I love backpacking. Nothing makes me feel more alive or at peace than sitting on top of a mountain with no one around me for miles. Backpacking requires a substantial amount of gear for surviving out where there are no grocery stores or hospitals nearby. It's safe to say that the needs of a backpacker are vast. Backpackers need food, they need water, and they need shelter. Those are basics. If you don't have those, you're screwed.
So why did I bring a tactical axe with me on my last trip and why did my friend Joey bring a huge buck knife? Sure, we could use them to cut fishing line, chop up firewood, and my axe even doubled as a hammer, but the truth is, we really didn't need either of those things. We wanted them to feel manly and adventurous. Our wants justified the need of bringing along these items for the tasks they could accomplish.
We conjured logical needs to suit an emotional desire.
You could argue that this doesn't apply to everything, but I'd beg to differ. Even the essential needs we had like food, water, and shelter were all emotional decisions. If we were logical, we probably wouldn't have even gone backpacking because we would have saved money and subjected ourselves to less risk. But we decided to forego those essentials in the search of greater adventure. That's why we bought a $110 water filter and why I bought a bunch of compact, lightweight food for a premium price. Essential needs, but definitely an emotional decision.
The needs were simple, food, water, shelter, but the want was freedom, adventure, and camaraderie.
Ask yourself, what is the want behind the need people are looking to our startup to fulfill? Build your brand around it.
Startups frequently align with the idea that you need to be absolutely perfect before you launch your product/service. That's a surefire way to never make progress.
Part of me thinks it's because they want to be seen as the best and idealized, rather than being something good.
I'll be honest, I know my website could improve. I know I launch articles and newsletters with spelling errors. I know that I sometimes forget pieces of information that would have made a difference in a sales call. But we cannot go on expecting that everything has to be, or will be for that matter, perfect.
It's as if startups conflate being vulnerable and human with being undesirable. That fear of being undesirable is a dragon, snarling and biting, waiting to inevitably breakdown your door and consume you rotisserie style.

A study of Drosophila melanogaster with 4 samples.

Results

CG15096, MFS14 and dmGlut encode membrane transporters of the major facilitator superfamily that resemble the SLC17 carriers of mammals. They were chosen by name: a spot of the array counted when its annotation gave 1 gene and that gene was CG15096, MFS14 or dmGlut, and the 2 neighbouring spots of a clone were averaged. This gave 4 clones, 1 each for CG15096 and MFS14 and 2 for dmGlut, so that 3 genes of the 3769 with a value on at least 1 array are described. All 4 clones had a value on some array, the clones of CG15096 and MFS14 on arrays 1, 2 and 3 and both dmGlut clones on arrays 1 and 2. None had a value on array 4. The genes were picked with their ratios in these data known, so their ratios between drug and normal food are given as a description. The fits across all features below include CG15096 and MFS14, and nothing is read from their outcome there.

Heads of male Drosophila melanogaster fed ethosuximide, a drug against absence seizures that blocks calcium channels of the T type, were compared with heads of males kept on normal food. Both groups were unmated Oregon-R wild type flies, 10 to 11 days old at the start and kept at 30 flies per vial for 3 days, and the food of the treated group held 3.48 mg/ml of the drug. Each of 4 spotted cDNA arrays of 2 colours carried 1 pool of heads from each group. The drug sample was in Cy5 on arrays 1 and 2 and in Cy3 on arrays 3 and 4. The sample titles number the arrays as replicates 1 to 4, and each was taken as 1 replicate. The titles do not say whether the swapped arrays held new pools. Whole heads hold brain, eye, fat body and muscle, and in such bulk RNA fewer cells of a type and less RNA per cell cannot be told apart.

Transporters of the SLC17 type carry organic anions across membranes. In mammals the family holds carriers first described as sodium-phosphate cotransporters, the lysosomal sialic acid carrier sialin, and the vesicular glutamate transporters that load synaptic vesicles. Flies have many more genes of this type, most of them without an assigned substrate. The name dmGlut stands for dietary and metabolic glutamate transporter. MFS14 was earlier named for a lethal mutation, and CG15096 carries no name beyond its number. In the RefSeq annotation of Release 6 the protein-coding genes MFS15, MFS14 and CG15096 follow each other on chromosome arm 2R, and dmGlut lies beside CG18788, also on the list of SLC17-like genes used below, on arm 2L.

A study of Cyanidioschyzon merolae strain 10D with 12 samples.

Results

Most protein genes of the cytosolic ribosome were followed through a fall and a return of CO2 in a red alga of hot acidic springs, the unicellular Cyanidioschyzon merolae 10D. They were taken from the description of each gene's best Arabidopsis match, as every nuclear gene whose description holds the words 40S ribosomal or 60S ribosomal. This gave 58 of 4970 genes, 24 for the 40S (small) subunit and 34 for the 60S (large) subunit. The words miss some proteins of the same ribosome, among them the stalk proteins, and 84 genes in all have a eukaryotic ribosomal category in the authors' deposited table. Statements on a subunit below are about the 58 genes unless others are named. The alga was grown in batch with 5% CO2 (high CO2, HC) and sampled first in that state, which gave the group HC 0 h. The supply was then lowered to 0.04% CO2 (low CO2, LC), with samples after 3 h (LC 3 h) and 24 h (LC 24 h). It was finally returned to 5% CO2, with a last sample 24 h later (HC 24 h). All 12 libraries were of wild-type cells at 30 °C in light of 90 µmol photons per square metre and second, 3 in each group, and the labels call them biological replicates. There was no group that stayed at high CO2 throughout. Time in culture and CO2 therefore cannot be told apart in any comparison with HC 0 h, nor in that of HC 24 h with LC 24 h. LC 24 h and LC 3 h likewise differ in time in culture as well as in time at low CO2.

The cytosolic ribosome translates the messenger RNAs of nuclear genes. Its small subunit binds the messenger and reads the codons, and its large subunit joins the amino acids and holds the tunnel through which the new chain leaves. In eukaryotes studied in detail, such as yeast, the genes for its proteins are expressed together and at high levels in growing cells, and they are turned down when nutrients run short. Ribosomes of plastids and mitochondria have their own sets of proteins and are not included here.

Screw that, take the offensive. Launch with imperfections, bumps, and blemishes to say, "we are not perfect, but we will continue to get better."
Slay the dragon.
Luke Skywalker is the greatest example of the "hero" archetype. He has humble beginnings and does not understand his full potential. At least, not until he is called to adventure after the murder of his Aunt, Uncle, and the desperate call of Princess Leia. Facing down this behemoth of a journey, you gotta wonder what was going on in his head at the time.
"I have no skills beyond moisture farming and I'm a decent pilot, but taking on the Empire? I need help."
That's where Obi-Wan Kenobi comes into play. The old wizard who sees the greatness within Luke and helps him to overcome his own, self-imposed limits. Despite the fact that Luke is lost without him, Obi-Wan never lets it be known. He's not focused on his own success, he's focused on the success of Luke. If Luke succeeds, that is his victory. Granted, he does all he can offering mentorship (guidance and knowledge of the Force), tools (lightsaber), instruction and feedback, and, most importantly, honest encouragement.
Here's the thing:
Most companies see themselves as Luke.They think they are the hero, that saving the world depends on them. They are wrong and their self-interest will not inspire others to be better. To quote Marty Neumeier "the best brand builders see greatness in their customers, and figure out ways to enable it."
Unleash your inner Obi-Wan, you rebel.